Education is BIG business in the USA, and the USA is packed with Universities (colleges as they are termed in the US). Wikipedia quotes that there were almost 4600 universities in 2011 – far more than ANY other country in the world. Does that mean Americans are smarter or better educated than any other country in the world? No, of course not. There are many Universities outside of the US that are well respected and offer a good education. However, when it comes to a prospective employee being judged by an American hiring manager for an American corporation – they will obviously give preference or higher credibility to a University they know than foreign university degrees. That is just human nature.
So – you moved to the USA and have a degree from a foreign University – how will that education be judged? Well, there are many published rankings of Universities around the world such as this one – University rankings. If you achieved a degree from a highly rated foreign University then you will probably want to call that out on your “resume” (Curriculum Vitae) and your Linkedin profile (if you have one). For instance, let’s say you earned a degree from the “Australian National University” – you could note that on your resume saying “rated number 25 in the world ranking published by www.topuniversities.com”. That would make a significant difference to how your resume is viewed. Why? Well Americans are well aware that Universities and programs are not all equal. They will be impressed by degrees from well known universities and that is exactly why the most prestigious colleges will be able to charge much higher tuition fees.
So – it is up to you to present information about your degree/university. Do a little homework and check where your institution is ranked. Of course, these rankings are often from a American or Western perspective – but that is the where your degree will be evaluated.
Incidentally, some jobs mention a degree as a minimum criteria. If you are applying for a job through a large company on their recruiting website, that question will often be a knock out question – meaning that if you cannot say you have a Bachelors degree, your application may not even be reviewed by a human. So, in that respect, your degree, wherever it was taken will open some doors, but the information above will apply if the interviewer wishes to make a judgment about the quality of your education. In my experience however, your ability to land the job is normally up to you when you are in front of the hiring manager.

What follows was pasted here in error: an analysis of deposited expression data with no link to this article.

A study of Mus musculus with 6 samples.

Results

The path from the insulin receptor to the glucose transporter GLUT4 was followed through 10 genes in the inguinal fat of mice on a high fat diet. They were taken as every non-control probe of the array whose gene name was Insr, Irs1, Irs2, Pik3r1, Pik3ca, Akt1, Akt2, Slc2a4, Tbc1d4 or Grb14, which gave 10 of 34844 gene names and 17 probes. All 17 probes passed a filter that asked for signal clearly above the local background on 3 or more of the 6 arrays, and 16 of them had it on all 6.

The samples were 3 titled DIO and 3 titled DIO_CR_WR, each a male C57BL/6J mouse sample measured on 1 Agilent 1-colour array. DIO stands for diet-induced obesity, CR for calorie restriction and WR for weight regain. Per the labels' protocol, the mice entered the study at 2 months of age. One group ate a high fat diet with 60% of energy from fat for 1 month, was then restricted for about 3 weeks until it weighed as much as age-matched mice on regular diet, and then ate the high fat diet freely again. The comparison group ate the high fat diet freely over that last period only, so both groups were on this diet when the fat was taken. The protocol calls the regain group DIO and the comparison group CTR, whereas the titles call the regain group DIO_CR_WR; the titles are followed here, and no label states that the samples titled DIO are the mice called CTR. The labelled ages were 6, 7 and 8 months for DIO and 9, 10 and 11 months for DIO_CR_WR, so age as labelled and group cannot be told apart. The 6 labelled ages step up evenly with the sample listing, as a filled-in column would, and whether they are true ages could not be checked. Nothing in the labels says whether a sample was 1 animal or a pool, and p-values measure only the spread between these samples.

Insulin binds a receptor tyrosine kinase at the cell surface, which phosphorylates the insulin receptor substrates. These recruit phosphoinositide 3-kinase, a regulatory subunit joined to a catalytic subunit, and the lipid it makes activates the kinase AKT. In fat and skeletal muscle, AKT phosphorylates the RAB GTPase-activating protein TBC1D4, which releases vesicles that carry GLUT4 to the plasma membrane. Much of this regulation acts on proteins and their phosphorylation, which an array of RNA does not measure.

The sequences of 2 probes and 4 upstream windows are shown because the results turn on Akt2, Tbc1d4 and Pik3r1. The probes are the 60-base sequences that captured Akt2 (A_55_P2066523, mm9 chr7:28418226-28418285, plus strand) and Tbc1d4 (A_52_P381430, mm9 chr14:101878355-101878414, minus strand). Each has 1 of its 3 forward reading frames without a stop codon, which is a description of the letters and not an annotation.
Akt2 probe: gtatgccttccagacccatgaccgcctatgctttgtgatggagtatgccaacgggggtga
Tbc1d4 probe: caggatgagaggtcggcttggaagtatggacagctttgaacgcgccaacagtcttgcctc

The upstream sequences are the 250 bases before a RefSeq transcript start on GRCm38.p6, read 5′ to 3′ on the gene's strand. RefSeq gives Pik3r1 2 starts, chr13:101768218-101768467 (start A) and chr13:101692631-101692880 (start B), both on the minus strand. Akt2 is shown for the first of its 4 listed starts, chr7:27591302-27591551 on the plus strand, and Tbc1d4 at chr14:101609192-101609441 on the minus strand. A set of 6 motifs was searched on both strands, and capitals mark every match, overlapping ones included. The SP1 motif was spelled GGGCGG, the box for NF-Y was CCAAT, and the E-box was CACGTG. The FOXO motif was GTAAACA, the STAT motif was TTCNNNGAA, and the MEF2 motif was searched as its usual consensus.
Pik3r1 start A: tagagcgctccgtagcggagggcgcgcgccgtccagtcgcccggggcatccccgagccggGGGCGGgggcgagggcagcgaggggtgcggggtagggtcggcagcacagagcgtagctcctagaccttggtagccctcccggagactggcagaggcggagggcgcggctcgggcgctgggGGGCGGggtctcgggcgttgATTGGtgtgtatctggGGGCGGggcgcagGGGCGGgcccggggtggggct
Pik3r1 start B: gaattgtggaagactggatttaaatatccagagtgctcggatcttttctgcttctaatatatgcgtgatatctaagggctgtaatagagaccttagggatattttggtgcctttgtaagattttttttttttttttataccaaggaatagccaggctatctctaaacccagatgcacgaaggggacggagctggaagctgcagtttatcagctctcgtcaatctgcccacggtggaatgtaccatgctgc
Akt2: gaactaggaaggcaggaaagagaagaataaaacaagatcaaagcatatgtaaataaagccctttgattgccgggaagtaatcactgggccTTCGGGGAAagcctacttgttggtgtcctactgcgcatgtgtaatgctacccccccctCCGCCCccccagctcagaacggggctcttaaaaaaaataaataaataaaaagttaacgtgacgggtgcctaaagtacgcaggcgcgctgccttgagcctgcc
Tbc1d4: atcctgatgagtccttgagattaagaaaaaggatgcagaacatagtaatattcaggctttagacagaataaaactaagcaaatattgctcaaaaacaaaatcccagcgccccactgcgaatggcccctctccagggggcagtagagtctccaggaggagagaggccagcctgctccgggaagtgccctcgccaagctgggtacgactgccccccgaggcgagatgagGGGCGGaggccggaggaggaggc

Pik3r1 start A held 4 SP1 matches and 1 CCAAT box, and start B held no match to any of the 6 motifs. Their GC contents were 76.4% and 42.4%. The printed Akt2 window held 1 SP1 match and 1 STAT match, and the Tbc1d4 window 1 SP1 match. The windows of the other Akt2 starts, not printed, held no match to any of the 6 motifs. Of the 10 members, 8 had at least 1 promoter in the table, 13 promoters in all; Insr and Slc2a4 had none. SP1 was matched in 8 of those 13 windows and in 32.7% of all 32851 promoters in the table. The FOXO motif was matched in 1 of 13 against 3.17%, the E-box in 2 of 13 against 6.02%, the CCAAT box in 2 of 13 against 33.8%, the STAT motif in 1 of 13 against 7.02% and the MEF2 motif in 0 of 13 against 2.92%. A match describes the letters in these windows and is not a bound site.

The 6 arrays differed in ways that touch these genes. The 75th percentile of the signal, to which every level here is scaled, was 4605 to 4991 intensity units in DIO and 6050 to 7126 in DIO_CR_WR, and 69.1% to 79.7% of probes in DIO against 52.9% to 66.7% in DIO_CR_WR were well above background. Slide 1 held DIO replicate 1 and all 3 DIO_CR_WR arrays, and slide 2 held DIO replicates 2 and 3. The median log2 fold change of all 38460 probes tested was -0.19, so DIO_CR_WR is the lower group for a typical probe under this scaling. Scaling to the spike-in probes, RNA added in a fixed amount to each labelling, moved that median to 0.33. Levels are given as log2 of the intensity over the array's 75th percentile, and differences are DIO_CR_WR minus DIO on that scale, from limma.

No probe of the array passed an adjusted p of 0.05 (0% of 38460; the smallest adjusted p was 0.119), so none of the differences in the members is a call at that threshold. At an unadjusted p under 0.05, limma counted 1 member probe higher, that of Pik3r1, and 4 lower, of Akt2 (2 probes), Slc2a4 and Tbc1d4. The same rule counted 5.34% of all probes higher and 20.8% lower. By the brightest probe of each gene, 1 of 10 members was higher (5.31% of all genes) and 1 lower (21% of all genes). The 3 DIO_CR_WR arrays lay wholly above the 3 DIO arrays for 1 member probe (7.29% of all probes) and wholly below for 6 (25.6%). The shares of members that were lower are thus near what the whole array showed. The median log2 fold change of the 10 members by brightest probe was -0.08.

It is possible to get a third party to provide an education evaluation of your degree. Unless that is specifically required (such as in medicine or similar) I would not advise you to spend the money on that. The evaluation itself may not be considered credible, so it may not carry too much weight and in any case the quality of the education is not the whole story about you.
Professional credentials/licenses gained abroad.
It should come as no surprise that the USA is a heavily regulated place. There are lots of professions that you cannot practice without licensing in the USA (often at Federal AND State level). So – just because you are a doctor/dentist/lawyer or whatever abroad it does not mean that you can start work in that profession in the USA without some level of re-credentialing. This might involve exams, training or evaluation. Please make sure you look into that before you move to the USA so that you can gain a realistic idea of how you will start work in your chosen field.